Jan 07 2011

Terrain progress linked to Community Basemap Large-Scale Topo

The ESRI Community Basemap program’s new ArcGIS 10 template for Large-Scale Topographic Mapping is somewhat streamlined and cleaner when compared to its ArcGIS 9.3.1. predecessor.  But the template map document still has the ability to bring my workstation to its knees when doing stuff like printing.  I find myself unable to print 11×17 or export a B-size PDF without having incomplete results.  Mercifully, I can print and export to A-size so people are starting to get a taste of what is to come when we start building cache tiles.  Everyone who has seen the base maps was quite pleased, and some were almost gushing over them.

Preparing input features to pour into the template geodatabase that  are good enough to be worthy of 1:1200 scale mapping is every bit the challenge it might seem.  Each feature class that is making its way into the template seems to require a unique bit of spatial analysis to get pulled together, and usually this involves combining our best available input data in ways that we haven’t before.  This week’s challenge has been water polygon and water line feature classes.  For utility, we’re choosing to split out the water polygon from its water line.  For lakes and ponds, they will coincide, but for our tidal coast, we’re conveying extra information by setting the polygon to represent Mean Low Water, and the water line to represent Mean High Water.  This helps to convey the widely varying slopes that Marin County has at the tidal shores, and provide some hint as to the width of the public access way below the high tide line.

These tidal shores have been compiled from the 25cm-interval topo contours that were generated for the Community Basemap, and in NAVD88 we used nominal 50cm contour for Mean Low Water, and 175cm contour for Mean High Water.  Between these elevations one often finds various “water” polygons depending on the application; in our base map we’ll have a purposeful gap.

Along the Sonoma borderlands I struggled for a few hours hand-tracing ponds using NAIP 2009 near-infrared grayscale—the one where standing water is basically black.  I was a bit sloppy and found myself tracing at 1:4000 on screen but it was a fairly thorough job through the adjacent shared watersheds along Estero Americano, Stemple Creek, San Antonio Creek, and Petaluma River.  I was just about fed up with drawing lines around standing water when I checked in with MarinMap member Bill Voigt of San Rafael for other reasons.  He provided an inspired suggestion that I use the water lines from our 2004 photogrammetry.  Of course!  I had used them in the terrain, but they were not hard constraints and the sparse contouring in west county lands tended to wash over stock ponds in the contours.

Empowered by Voigt’s suggestion, I found that the 2004 photogrammetric water line work, which was only available within Marin County proper, had very high fidelity with 2009 NAIP summer ponds, and it was vastly easier to select the pond-circumscribing lines, sometimes 300 segments at a time, copy and paste them into the Inland_Waters_li features, Merge them all at once into a single compound line, then Explode the multi-parts into discrete ponds.  With that approach I was able to harvest hundreds of Marin stock ponds, reservoirs, and vernal pools, and have geometry that appears smooth and accurate at better than 1:2400.  There are also quite a few meandering creek features in the west county that are well represented horizontally in the water break lines, but my impression of them was that they took a lot of upgrading to serve as 3D guides in the terrain, and construction rules broke the pond lines wherever a drainage reached its edge.  So there were a great many segments that needed to be merged to create closed loops that could build pond polygons.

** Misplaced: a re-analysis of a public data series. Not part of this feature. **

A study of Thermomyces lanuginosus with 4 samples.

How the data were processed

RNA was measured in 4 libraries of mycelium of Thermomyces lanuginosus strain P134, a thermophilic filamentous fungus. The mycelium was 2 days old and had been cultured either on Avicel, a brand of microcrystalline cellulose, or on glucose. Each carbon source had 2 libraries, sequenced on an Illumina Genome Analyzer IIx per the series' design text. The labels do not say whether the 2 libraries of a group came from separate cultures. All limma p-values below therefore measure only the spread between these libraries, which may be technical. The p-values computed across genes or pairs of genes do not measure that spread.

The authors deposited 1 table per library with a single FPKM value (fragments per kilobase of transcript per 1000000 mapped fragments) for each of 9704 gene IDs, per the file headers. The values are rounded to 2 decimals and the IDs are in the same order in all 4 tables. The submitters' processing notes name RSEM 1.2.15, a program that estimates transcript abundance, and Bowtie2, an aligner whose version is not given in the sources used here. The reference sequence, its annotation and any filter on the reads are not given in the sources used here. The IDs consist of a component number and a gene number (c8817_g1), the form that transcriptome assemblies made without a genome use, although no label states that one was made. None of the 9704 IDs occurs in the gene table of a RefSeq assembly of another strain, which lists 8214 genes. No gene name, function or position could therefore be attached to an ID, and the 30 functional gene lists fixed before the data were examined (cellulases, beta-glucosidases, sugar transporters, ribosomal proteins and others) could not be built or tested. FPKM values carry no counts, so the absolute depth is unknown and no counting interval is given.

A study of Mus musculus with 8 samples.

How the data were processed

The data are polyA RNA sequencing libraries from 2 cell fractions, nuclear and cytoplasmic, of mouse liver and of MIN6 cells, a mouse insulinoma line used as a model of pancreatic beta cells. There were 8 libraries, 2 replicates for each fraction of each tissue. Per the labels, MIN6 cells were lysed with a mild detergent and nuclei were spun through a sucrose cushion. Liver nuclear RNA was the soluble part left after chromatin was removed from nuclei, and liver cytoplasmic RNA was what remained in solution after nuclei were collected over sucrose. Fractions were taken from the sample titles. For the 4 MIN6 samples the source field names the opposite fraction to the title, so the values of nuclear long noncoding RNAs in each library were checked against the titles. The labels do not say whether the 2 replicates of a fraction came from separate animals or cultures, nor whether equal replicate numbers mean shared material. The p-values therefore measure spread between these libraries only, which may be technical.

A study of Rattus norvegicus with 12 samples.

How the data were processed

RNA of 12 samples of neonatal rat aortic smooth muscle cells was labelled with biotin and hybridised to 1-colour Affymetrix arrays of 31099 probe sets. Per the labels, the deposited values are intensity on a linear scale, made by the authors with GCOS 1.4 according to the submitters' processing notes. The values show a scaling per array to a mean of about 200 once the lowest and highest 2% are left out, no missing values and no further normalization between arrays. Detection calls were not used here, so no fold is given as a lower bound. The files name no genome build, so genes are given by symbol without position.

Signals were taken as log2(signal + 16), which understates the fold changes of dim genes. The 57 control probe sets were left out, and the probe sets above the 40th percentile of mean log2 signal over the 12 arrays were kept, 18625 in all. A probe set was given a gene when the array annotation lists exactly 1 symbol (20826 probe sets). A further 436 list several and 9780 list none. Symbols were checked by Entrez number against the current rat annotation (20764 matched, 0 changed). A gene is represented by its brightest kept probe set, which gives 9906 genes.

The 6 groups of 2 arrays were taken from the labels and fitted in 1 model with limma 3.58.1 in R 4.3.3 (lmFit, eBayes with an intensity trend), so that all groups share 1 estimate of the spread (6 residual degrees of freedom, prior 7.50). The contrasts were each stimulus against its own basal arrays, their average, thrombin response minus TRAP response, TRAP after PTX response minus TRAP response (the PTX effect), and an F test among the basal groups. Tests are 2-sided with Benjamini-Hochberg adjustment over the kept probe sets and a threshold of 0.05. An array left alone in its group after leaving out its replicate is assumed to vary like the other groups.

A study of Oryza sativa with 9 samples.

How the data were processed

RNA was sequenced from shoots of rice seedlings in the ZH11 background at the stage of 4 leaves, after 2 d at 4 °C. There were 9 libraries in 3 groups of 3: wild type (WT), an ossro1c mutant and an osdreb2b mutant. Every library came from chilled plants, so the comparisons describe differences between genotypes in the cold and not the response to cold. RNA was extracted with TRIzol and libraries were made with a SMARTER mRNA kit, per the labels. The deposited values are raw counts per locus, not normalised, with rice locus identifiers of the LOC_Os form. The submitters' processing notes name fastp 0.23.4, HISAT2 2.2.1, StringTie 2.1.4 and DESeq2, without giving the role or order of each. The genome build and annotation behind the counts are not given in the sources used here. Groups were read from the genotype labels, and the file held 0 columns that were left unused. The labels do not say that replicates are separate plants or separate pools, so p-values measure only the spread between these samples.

By the end of this week, we had over 1400 water bodies identified in the watersheds that touch Marin county, and this exercise that was initially motivated by improved cartography may augment our set of candidate sites for wetland inventory.  These  water features are set into a regional water layer from The National Map that is valid at 1:24k and includes a refined coastline from Big Sur to north of Point Mendocino, and inland to the Sierra crest, from San Luis reservoir up to Mendocino Lake.

We refined Marin and adjacent shorelines (as both MHW and MLW boundaries) from Sears Point, up to and down from Petaluma, along San Pablo, San Rafael, Richardson and San Francisco Bays, the Golden Gate, Gulf of Farallones, Drakes Bay, outer Point Reyes, Tomales and Bodega Bays, and Bodega Head using 25cm interval topographic contours.  All Farallon Islands were traced near 1:2400 scale as visible in NAIP 2009 near infrared band.

Next week should find the last couple of administrative layers (Parks and Open Space) and refinements to road centerlines to reflect docks and proper arterial status, and then it will be time to start making test tiles.  With any luck, we’ll take some CPU cycles from production server to give us the best shot at getting good tiles fast.  With 120 layers, several of which use representations, and many of which use complex Maplex rules for labeling, the Community Basemap Large-Scale Topographic template for ArcGIS 10 is by far the most demanding map document I’ve ever manipulated.  Everyone is looking forward to getting the tiles generated for testing, and sending them off to ESRI for review while sending samples to MarinMap members for their comments as well.